Featured Image - 03/03/2009
Ina, the D-shaped collapse feature
Apollo 15 cameras first spotted the remarkable D-shaped Ina structure in Lacus Felicitatis (Figure 1; Apollo metric frame AS15-M-2302), and it was also photographed by the Apollo 17 crew from orbit using their handheld cameras. Ina, named for a Polynesian goddess who in mythology is responsible for the first coconut, is significant because it challenges general preconceptions of a currently geologically inactive Moon. Calibration of crater and spectral data with samples collected and returned by the Apollo astronauts indicate that the Ina structure is one of the youngest features on the lunar surface with an age of approximately 1 to 10 million years. For comparison, the youngest rock collected by the Apollo astronauts is about 3 billion years old, and recent crater counting studies of young lava flows (Hiesinger et al. 2003) indicate that active volcanism on the Moon might have continued until until about 1 billion years ago.
Ina is a depression containing numerous hills, but only contains two confimed impact craters. The scarcity of impact craters indicates a very young age for Ina, as do the sharp, high relief edges of the feature. Older features do not have sharp edges due to the continuous mixing of the regolith, impact degradation processes, and infilling by mass wasting. Furthermore, a study by Schultz et al. (2006) used multispectral data from the Clementine camera to suggest that the Ina structure is less mature and therefore more recent than other surrounding features.
Figure 1. Apollo 15 metric photograph showing Ina, located at 18.65 N and 5.29 E in Lacus Felicitatis, a mare region. Ina lies on the summit of a 15 kilometer wide, 300 meter high dome. Inside Ina there are dark hills 5 to 25 meters high, surrounded by brighter, rougher floor materials. The inset image is linearly stretched to enhance details in the image. The black smudge to the lower right of the feature is a piece of debris floating within the camera itself that got stuck within the camera's field of view while in lunar orbit. (Apollo Image AS15-M-2302 [NASA/JSC/Arizona State University])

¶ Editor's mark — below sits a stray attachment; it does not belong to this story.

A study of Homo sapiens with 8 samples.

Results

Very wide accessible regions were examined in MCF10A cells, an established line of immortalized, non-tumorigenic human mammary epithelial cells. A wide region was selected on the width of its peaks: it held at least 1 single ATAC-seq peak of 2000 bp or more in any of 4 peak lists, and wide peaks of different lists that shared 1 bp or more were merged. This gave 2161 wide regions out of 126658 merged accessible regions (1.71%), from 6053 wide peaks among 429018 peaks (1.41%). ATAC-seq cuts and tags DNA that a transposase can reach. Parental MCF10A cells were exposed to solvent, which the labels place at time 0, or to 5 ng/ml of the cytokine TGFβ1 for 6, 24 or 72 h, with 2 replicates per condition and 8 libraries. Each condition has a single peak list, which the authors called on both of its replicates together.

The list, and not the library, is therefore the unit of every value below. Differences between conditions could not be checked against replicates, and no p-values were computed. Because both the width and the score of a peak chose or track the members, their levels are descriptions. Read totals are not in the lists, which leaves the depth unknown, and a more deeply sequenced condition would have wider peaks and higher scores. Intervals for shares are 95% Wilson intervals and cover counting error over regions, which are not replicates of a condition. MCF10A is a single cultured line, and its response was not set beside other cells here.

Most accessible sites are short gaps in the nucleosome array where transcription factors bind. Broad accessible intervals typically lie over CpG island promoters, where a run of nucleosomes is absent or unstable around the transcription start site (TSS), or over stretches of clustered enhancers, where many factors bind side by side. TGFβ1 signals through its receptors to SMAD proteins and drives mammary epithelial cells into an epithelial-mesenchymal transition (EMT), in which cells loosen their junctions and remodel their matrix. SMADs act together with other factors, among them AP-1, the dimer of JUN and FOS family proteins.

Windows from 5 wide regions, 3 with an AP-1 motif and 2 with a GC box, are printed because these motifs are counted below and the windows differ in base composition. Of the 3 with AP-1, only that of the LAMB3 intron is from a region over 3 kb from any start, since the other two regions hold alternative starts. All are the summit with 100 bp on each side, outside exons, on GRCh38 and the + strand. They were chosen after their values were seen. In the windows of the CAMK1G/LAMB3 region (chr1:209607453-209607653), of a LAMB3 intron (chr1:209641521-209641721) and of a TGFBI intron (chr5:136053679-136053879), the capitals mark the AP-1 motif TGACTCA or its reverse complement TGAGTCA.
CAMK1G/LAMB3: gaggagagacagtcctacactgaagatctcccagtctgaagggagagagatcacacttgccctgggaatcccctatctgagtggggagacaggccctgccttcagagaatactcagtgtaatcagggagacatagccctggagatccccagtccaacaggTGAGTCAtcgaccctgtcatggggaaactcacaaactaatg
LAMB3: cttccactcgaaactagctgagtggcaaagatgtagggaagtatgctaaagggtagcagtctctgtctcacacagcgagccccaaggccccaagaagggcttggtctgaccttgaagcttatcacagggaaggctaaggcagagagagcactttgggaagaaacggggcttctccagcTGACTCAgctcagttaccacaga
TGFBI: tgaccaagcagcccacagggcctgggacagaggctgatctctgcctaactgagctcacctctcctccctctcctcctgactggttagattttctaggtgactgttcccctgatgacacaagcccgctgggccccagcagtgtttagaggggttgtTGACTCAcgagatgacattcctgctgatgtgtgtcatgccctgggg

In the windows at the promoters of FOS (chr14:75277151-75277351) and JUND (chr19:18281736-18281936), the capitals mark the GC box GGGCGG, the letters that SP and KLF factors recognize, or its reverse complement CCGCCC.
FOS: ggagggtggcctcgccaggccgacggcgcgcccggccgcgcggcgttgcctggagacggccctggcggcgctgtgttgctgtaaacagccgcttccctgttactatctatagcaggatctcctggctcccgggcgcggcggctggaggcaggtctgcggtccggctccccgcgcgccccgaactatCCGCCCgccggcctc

These indications of recent activity make the Ina structure a high-priority site for future human lunar exploration. Ina is also a top priority for investigation with the Lunar Reconnaissance Orbiter Camera, which will provide high-resolution images (50/cm pixel) of Ina and other areas of potentially young geologic activity.
Hiesinger, H., et al., (2003). Ages and stratigraphy of mare basalts in oceanus Procellarum, Mare Nubium, Mare Cognitum, and Mare Insularum. J. Geophys. Res., 108, doi:10.1029/2002JE00198
Hiesinger, H., et al., (2006) New Ages for Basalts in Mare Fecunditatis Based on Crater Size-Frequency Measurements. Lunar and Planetary Science Conference. #1151.
Schultz, P.H., Staid, M.I., Pieters, C.M. (2006) Lunar activity from recent gas release. Nature, 444, pp.184-186.
Whitaker, E.A. (1972) Apollo 15 Preliminary Science Report 25-84-25-85. NASA SP-289.